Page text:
April is National Donate a Life Month and there is no better gift you can give than donating an organ so that someone else can live.

But what if you wanted to sell that organ instead? Should you be able to? Right now it's against the law but John Bellocchio, 37, of Oakland, is suing the federal government to do just that.

Bellocchio's lawyer, Matthew Haichen, called into my show on Thursday night, April 15, to talk about why his client wants to sell his organs.

"John and I both feel that the current law is just unjust for many reasons," Haichen said when he called in. "We both feel that, the liberal way is 'my body my choice,' that's how I grew up learning that that's what liberals feel as far as abortions. So we feel that the government shouldn't get involved in what we do with our own bodies."

What's the argument that should allow him to do it?

There “is a broad misunderstanding among so many people that a well-regulated government-managed market for organs is something out of a bad Dickens novel, like Sweeney Todd-type stuff and it’s just not the case,” Bellocchio told The New York Post.

He went on to say in the article, “The reality is that on average there are 113,000 people every year on the waiting list for a new kidney, the vast majority of whom will die before they even have the opportunity to move near the top of the list.”

What does Haichen think this will do to the donor market?

"I guess there may still be people who would do it [donate] but...there are not that many people who donate their kidneys altruistically every year. And the ones that do, the vast majority do it for a family member." To which I said, "you're not gonna try to charge your friend or family member."

This year in New Jersey there are 4,000 people that need a life-saving transplant. When you or a loved one is suffering from need of an organ, how far would you go to get them one? There's a long list of people waiting for donors. Hopefully, everyone can get one but the reality is that not everyone does, nor does everyone meet the criteria qualifying them.

If you or a loved one was in need of an organ and had the means to buy one, you should be able to do it. Also if you wanted to sell a part of your body, which is your property, you should be allowed to. Today people can sell their blood, sperm, eggs, and plasma, why should they not be able to sell an organ?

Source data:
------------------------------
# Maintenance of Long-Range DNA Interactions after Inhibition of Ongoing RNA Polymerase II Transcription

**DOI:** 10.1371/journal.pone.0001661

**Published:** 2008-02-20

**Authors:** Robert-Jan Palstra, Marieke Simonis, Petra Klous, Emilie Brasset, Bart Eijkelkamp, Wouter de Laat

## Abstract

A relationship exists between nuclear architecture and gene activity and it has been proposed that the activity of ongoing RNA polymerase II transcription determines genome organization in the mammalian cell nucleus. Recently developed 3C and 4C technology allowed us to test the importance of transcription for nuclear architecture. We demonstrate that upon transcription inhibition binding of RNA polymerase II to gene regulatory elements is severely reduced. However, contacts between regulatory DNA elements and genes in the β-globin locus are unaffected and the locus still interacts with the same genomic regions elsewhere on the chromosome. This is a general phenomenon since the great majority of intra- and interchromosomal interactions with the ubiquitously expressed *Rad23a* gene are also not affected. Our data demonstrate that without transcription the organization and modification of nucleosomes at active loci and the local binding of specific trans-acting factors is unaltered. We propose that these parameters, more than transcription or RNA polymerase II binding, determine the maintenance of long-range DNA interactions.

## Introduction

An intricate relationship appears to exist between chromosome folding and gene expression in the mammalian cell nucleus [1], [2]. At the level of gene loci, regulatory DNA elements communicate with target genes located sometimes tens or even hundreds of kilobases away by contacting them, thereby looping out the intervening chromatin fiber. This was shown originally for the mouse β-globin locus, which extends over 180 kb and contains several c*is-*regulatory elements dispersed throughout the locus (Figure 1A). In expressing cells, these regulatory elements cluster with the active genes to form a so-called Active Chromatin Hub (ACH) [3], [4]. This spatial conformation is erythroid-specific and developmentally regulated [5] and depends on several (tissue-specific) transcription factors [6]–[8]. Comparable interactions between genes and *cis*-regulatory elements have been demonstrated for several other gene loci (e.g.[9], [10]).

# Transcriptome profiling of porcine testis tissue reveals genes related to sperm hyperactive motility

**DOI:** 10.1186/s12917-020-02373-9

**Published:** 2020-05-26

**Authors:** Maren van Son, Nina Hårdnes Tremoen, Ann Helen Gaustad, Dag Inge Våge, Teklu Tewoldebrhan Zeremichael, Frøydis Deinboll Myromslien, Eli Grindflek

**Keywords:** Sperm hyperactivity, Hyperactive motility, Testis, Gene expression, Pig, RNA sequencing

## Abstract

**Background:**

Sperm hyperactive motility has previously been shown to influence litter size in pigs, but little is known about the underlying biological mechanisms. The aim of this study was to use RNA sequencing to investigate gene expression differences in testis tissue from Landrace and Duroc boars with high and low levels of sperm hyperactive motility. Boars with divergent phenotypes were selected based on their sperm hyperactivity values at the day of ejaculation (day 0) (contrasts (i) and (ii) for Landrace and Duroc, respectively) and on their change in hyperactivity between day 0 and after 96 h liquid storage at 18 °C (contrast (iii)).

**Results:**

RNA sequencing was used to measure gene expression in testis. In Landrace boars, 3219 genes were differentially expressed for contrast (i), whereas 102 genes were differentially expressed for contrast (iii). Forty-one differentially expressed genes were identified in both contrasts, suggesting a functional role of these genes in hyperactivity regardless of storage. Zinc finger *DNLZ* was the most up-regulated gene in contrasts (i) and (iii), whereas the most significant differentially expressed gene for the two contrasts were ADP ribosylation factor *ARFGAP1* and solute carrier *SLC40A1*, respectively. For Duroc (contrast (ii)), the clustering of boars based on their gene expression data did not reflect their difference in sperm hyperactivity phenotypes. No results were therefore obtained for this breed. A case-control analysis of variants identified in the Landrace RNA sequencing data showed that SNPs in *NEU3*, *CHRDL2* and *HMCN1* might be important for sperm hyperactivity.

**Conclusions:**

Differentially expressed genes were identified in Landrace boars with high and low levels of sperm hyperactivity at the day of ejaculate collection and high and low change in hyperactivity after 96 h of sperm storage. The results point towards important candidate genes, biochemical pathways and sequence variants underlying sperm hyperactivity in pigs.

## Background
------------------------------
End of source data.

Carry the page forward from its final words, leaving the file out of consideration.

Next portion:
Of course, the market would have to be regulated and taxed and there's also the question of insurance coverage. But it can be done.

We've been fortunate enough at New Jersey 101.5 to match two people with kidneys — North Hudson Fire Captain Robbo Pisani, and my cousin Rich Trevelise. Since then, we do what we can to try to help people find the organs that they need, people like Debra Kaufmann, Tony Mattarazzo and Jason Anderson.

Our own morning traffic reporter Bob Williams was in need of a kidney and had one donated to him by Kim Roumes. May the donations never stop. But if there's another way to get these people the organs they so desperately need and they may also be helping someone who desperately needs the money, then I'm all for it.

We put a twitter poll @realstevetrev and these were the results.

The post above reflects the thoughts and observations of New Jersey 101.5 talk show host Steve Trevelise. Any opinions expressed are Steve's own. Steve Trevelise is on New Jersey 101.5 Monday-Thursday from 7pm-11pm. Follow him on Twitter @realstevetrev.

READ ON: See the States Where People Live the Longest

Stacker used data from the 2020 County Health Rankings to rank every state's average life expectancy from lowest to highest. The 2020 County Health Rankings values were calculated using mortality counts from the 2016-2018 National Center for Health Statistics. The U.S. Census 2019 American Community Survey and America's Health Rankings Senior Report 2019 data were also used to provide demographics on the senior population of each state and the state's rank on senior health care, respectively.

Read on to learn the average life expectancy in each state.

NJ towns that actually cut property taxes in 2020

New Jersey property taxes went up by $158 for the average homeowner last year, making the average residential property tax bill $9,111. Here are the municipalities that saw their average tax bill decrease.